Wednesday, June 15, 2016
A Grief Observed
A Grief Observed is a tiny book (76 pages) written by C.S. Lewis on the heartbreaking death of his wife, American novelist and poet, Helen Joy Gresham (nee Davidman), referred to as “H.” in the book. A world renowned author and scholar, C.S. Lewis had led a relatively simple life until he found love and passion late in life with Joy. The unlikeliest of couples; he a stoic British academic, author, and Oxford professor, and H. an American divorcée, mother of two, and converted Christian born into a Jewish family in New York. Yet somehow they found each other and their love and faith persevered in the face of illness, suffering and death.
In the book, Lewis reflects on his grief; it feels like fear he says, like being mildly drunk, struggling to take in what anyone says, needing space yet wanting others about out of dread of when the house is empty. In his pain, he beseeches God for answers, "Oh God, God, why did you take such trouble to force this creature out of his shell if it is now doomed to crawl back - to be sucked back - into it?" and at other instances strikes back at God for not answering his pleas, “Where is God?...Go to him when your need is desperate, when all other help is in vain, and what do you find? A door slammed in your face, and a sound of bolting and double bolting on the inside.”
The book was compiled from four notebooks used as an emotional outlet during his period of bereavement. From Chapter 1 to 4, the reader can see the slow progression of healing; as his initial anger dissipates, as the fears of forgetting H. diminish, as acceptance and remembering start to take root. Whereas he initially fears that his own impressions and memory will alter the real shape of her, he later confesses to surprisingly realizing that his dissipating sorrow has helped to lift some kind of barrier and that when he mourns H. least, he remembers her best. “Such was the fact. And I believe I can make sense out of it. You can’t see anything properly while your eyes are blurred with tears.”
Lewis concedes that when you least expect it grief returns because nothing stays put. “One keeps on emerging from a phase, but it always recurs. Round and round. Everything repeats. Am I going in circles, or dare I hope I am on a spiral?” He compares grief to a long valley, where you go around the bend and see new landscapes, but sometimes you run across the same scenery you left behind miles ago. Ultimately, Lewis makes his peace with God; slowly realizing the door was not shut and bolted as initially thought, asserting that “perhaps your own reiterated cries deafen you to the voice you hoped to hear,” and accepts that in loving H. the pain was part of the happiness. When you open yourself up to life and love, it all becomes a package deal.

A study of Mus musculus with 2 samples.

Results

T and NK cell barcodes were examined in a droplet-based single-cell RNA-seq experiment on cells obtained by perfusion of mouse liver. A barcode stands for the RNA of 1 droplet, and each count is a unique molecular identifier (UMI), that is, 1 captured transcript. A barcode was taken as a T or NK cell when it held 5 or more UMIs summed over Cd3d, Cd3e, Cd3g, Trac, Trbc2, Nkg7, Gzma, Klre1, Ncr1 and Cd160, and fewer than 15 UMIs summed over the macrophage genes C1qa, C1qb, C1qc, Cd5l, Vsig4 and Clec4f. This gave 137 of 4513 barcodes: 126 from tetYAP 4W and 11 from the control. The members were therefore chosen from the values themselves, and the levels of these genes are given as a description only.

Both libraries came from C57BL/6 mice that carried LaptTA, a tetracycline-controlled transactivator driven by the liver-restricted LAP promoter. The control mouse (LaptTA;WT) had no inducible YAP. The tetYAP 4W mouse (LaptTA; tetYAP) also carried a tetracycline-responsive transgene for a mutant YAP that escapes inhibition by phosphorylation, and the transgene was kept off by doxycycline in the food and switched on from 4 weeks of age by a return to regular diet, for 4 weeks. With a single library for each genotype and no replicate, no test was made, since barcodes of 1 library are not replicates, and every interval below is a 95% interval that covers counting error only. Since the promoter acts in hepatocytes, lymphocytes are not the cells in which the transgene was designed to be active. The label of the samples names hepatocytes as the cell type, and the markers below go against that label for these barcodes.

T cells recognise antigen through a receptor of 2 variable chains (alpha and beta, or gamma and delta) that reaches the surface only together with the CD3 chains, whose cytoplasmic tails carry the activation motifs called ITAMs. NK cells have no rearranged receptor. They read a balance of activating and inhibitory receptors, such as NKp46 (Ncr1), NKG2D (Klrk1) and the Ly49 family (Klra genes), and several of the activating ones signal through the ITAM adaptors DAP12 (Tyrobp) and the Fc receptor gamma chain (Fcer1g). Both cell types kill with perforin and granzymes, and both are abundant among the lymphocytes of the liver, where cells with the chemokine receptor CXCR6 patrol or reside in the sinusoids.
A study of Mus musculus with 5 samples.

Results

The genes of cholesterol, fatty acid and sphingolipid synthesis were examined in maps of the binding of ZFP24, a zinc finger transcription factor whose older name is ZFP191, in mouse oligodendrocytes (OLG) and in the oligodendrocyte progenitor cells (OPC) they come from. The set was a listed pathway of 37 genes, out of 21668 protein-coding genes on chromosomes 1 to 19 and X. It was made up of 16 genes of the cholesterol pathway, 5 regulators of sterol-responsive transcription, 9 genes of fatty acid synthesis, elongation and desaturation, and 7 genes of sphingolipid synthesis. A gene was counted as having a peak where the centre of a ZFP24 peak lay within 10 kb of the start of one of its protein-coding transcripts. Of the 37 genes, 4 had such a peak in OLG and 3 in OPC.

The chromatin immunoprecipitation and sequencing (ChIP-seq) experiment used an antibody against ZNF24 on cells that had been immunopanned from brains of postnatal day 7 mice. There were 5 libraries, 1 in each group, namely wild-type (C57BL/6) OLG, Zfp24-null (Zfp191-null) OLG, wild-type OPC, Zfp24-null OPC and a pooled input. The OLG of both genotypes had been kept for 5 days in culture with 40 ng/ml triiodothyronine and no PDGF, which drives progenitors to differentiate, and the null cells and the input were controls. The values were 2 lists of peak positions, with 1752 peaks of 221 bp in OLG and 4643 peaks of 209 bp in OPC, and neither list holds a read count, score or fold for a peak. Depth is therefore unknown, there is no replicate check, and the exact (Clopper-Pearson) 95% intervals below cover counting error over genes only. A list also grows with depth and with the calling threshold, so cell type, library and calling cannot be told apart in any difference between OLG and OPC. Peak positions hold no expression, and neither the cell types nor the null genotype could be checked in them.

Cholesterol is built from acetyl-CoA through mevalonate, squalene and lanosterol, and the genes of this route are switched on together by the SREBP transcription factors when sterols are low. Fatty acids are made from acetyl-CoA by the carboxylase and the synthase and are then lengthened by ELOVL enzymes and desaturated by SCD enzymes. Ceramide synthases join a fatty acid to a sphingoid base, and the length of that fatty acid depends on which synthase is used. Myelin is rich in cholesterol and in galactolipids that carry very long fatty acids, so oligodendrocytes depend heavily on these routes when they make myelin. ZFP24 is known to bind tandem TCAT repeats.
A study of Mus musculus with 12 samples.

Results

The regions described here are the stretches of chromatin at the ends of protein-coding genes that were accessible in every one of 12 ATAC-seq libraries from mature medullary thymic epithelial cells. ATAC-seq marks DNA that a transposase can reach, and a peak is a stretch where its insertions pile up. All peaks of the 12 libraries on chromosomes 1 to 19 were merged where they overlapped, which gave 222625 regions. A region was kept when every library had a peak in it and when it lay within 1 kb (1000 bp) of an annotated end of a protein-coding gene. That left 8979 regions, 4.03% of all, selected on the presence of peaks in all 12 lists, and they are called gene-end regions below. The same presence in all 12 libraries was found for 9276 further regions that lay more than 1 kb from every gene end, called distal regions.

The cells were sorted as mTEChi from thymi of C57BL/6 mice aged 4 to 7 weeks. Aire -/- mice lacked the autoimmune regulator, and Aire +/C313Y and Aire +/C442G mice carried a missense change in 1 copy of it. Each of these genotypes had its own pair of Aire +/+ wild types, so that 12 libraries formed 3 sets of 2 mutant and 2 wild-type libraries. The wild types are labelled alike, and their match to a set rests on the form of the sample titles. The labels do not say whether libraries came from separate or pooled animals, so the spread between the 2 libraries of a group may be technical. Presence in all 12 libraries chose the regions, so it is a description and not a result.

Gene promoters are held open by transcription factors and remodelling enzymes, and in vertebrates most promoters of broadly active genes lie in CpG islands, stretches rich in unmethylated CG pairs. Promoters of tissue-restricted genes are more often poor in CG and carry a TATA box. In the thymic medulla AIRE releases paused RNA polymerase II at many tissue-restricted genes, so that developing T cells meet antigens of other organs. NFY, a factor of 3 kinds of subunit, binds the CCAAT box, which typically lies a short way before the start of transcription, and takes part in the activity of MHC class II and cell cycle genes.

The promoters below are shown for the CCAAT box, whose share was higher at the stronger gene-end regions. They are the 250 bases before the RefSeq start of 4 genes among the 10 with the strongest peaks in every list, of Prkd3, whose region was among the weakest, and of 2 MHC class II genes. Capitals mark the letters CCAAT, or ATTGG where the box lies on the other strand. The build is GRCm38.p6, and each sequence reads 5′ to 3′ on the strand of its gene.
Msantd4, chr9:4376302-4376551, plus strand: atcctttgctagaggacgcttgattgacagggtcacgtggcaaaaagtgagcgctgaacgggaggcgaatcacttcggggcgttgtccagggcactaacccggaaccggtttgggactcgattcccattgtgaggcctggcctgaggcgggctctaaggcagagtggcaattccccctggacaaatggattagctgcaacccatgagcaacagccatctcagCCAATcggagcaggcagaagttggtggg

While I see glimpses in Lewis' book of the grief I suffered after the loss of my mom, who was my mother, best friend, fan, confidant and general zen master of my life, I confess that my faith was in fact what saw me through my sorrow, giving me strength and succor. Unlike Lewis, I felt a great sense of gratitude to God for ending my mother’s suffering. But like I said above, grief is unique to each of us. In fact, in the book’s introduction, Lewis’ stepson stresses the use of the indefinite article (the “A”) in the title; making it clear that the book is merely one person’s perspective. Not a right or wrong way to experience grief. Just one person’s journey through the gradual healing process.
I found A Grief Observed a beautiful and insightful book that holds in its pages the wisdom normally found in much larger and consequential tomes. Deeply moving and unforgettable.